Have you ever dismantled and rebuilt a farm building? Bought or sold a second-hand steel portal frame?
Within architecture a group of us look upon the farming industry as leading the way in this fundamentally ‘sustainable’ construction practice, writes Samuel Little.
In a world of ever-increasing waste and dwindling natural resources, the reuse of building materials is becoming an increasingly important conversation.
At the Architectural Association, while investigating the UK’s diminishing reuse of structural steel, we have found one place where it remains alive and well. That is within agriculture.
It would seem that us architects have a lot to learn from you farmers about reusing building materials, especially steel. To see a second hand portal frame building, a used grain store or prefabricated poultry shed for sale within the classifieds of farming publications is not unusual.
Anecdotal evidence suggests it is a rural economy widespread throughout the country. But why should we take note of this phenomenon to reuse steel buildings? To farmers building material reuse might seem unremarkable. Granted it was once widespread throughout the construction industry.
But what is remarkable is that having largely disappeared it has remained within agriculture. Reusing a structurally sound steel frame should have no fundamental barriers. So perhaps unknowingly, the farming industry is that last bastion of common sense.
A point of resistance to society’s consumer-driven urge to ‘buy new’. Other industries would shout about it and celebrate this as a ‘circular economy’. That enviable economic system that is a hot topic with academics, industry and governments alike.
As a society (now and into the future) we are to minimise waste and pollution, keep products and materials in use for as long as possible. ‘Reuse’ should therefore be encouraged, not only because it prevents materials heading to landfill but preferred to ‘recycling’ because it requires very little energy or processes to carry it out.
Reusing a steel frame saves the planet from the manufacture of new steel, a material whose production accounts for up to 9% of global carbon emissions.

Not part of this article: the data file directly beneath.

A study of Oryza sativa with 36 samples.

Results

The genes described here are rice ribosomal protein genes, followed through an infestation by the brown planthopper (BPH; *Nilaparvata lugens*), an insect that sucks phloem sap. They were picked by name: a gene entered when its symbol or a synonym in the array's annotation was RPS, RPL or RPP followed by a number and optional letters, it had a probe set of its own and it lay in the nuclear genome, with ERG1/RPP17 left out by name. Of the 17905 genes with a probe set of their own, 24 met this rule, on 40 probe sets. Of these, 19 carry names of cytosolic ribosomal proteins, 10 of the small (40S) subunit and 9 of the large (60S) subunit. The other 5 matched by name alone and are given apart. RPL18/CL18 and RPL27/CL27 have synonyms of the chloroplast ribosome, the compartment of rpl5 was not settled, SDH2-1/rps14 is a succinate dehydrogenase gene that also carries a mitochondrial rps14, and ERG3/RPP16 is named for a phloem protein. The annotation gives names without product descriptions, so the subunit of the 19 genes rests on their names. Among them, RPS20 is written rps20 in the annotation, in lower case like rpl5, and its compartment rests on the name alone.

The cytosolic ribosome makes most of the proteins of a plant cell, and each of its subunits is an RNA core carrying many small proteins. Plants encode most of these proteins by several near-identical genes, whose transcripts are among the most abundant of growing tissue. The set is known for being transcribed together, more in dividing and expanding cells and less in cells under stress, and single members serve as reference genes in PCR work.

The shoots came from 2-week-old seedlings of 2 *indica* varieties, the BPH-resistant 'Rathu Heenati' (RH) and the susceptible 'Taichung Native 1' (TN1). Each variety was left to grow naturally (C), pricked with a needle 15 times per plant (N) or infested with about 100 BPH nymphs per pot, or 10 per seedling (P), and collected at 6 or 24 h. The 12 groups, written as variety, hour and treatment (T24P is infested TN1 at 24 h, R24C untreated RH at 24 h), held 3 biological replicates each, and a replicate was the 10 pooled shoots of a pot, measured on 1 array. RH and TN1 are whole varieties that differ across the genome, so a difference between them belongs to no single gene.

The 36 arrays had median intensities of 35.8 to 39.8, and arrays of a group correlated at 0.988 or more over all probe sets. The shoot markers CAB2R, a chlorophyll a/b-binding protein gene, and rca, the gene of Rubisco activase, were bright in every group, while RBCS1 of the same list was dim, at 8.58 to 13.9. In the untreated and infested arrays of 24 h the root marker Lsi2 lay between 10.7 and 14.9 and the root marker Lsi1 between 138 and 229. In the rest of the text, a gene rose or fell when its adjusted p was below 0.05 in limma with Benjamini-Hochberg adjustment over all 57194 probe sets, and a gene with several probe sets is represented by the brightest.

The concept of ‘embodied carbon’ refers to the emissions produced during the extraction, processing, manufacture and mtransportation of new materials. In other words it documents how environmentally harmful specific building materials are when used in a new building project.
Because reclaimed materials already exist, their levels of ‘embodied carbon’ are negligible or do no exist at all and are the most ‘sustainable’ materials on the mmarket.
You may be quick to state that the ‘reuse’ of materials has always been present in farming, or that it is largely not a question of ‘saving carbon’ but ‘saving money’. Does this distinction matter?
Being conscious of the cost benefits of reuse often accompanies a greater awareness of the material implications of construction projects.
Multinational companies are quick to jump on any opportunity for their working practices to be seen in some ways ’sustainable’ even when often they originate for pragmatic reasons. I think the farming industry should embrace this corporate approach.
From an outsider’s perspective contemporary farming has been under intense scrutiny in regards to sustainability. Farmers should respond by being proactive in embracing those areas where they are leading the way.
If the only surviving niche for structural steel reuse is agriculture, the farming community should be proud of this and celebrate it. If ‘reuse’ is the new thing in architecture, farmers should stand up and demand acknowledgement that they have been doing it all along.
My ongoing project at the Architectural Association on the subject of reuse is hoping to reach out into the fields and hear about your farm buildings. Have you ever reclaimed materials? or reused a steel frame?
Please get in touch with photos and examples to firstname.lastname@example.org. However mundane, we rely on tangible documentary evidence for a number of research and future publishing projects. We look forward to hearing from you and watch this space.